Japan-based ASICS is looking to repeat success it has enjoyed elsewhere. The footwear and sports apparel industry is highly competitive worldwide, with huge players such as Nike and Adidas.
ASICS, the Japanese footwear and sports apparel maker is looking to take a big share of the sports equipment market in the Middle East that is currently $750 million in size. The company launched a new regional subsidiary recently in Dubai.
In a statement from the company’s new office at the Dubai Design District, Alistair Cameron the ASICS CEO of Europe, Middle East and Africa said the goal for the company was to capitalize on its gains across Europe, where the brand has a market share of over 30% in the running footwear and apparel market.
Cameron added that for the company to continue growing it needs to look at different markets that are prime for additional investment. He indicated that the company’s market share at this time across the region of the Middle East was small.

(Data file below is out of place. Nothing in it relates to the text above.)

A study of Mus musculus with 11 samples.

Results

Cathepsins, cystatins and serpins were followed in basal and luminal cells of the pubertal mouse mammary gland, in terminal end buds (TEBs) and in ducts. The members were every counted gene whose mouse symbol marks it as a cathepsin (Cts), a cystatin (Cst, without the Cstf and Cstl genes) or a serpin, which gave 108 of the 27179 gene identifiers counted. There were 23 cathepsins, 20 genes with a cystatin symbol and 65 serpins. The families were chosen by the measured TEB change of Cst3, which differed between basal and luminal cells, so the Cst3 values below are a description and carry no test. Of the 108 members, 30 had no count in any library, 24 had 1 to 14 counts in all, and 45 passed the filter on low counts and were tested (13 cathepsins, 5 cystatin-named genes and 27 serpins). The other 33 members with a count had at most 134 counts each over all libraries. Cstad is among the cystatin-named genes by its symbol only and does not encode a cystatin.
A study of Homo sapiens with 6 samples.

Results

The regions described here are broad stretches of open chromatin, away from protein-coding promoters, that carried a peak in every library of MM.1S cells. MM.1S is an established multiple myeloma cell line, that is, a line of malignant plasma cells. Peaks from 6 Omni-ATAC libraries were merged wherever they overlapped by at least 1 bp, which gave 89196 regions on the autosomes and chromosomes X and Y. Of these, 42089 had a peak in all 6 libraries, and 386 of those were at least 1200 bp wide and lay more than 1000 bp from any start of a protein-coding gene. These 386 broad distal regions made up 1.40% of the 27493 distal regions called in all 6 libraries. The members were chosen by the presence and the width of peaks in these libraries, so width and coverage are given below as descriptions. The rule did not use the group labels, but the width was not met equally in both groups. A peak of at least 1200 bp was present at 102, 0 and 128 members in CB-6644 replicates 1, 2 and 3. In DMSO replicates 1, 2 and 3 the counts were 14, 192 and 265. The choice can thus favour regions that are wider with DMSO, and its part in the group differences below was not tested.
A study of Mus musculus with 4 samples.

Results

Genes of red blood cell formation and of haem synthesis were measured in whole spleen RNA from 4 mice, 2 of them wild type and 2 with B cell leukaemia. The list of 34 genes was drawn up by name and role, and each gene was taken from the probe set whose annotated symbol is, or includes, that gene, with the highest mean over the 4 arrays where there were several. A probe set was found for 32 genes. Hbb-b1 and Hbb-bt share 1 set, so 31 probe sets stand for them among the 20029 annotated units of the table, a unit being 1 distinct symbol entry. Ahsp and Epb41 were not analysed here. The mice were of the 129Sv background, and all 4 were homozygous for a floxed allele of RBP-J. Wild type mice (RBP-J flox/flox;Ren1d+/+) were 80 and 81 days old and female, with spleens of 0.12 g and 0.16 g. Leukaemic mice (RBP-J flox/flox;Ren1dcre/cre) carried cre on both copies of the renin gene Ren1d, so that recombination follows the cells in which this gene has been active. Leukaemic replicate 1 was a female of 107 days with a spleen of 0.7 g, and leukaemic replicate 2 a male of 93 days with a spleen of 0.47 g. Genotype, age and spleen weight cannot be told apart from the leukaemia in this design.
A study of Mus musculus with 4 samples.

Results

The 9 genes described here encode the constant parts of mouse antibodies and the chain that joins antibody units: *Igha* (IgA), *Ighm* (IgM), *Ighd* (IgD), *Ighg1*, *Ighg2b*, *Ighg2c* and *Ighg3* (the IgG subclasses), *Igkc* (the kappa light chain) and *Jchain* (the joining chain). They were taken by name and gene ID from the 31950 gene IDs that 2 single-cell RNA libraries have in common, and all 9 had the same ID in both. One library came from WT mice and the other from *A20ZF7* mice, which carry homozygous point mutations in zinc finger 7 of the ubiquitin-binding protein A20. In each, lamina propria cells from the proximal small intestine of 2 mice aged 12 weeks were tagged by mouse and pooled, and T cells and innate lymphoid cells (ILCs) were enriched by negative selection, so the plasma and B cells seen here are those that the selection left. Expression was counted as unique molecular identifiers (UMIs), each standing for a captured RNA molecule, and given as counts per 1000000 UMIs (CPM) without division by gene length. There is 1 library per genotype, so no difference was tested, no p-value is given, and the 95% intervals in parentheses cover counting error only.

To increase its share, ASICS is currently building a wholesale division as well as strengthening its partnership with different retailers Pairs, Go Sport, Foot Locker, Stadium, U-Mark, Sportsone, The Athlete’s Foot and Namshi.com.
ASICS is also planning to launch its own new, standalone 200-square meter store concept that will be operated with regional franchise partners. This will come following launches in Seoul, Brussels, Amsterdam and Tokyo and one that is upcoming for London.
Despite the ongoing economic challenges along with lower spending by consumers in some GCC countries tied to low prices of oil, Cameron said ASICS is planning to repeat the success it enjoyed in Spain during the height of that country’s recession.
In Spain, it was able to jump from being No. 9 to No. 3 in the market by advertising campaigns and point of sale.
Cameron said the goal of the company in Middle East was to increase sales of its retail partners as well as grow during the same time which would mean the company was doing well.
ASCIS’ decision to change its regional distributor in the Gulf, Falaknaz, came as the business was seeking to grow in its emerging markets after it was hit by foreign currencies losses in exchange and declining sales in its Americas sector during 2016.
Consolidated sales for the company were down 6.9% in 2016 to just over $3.54 billion.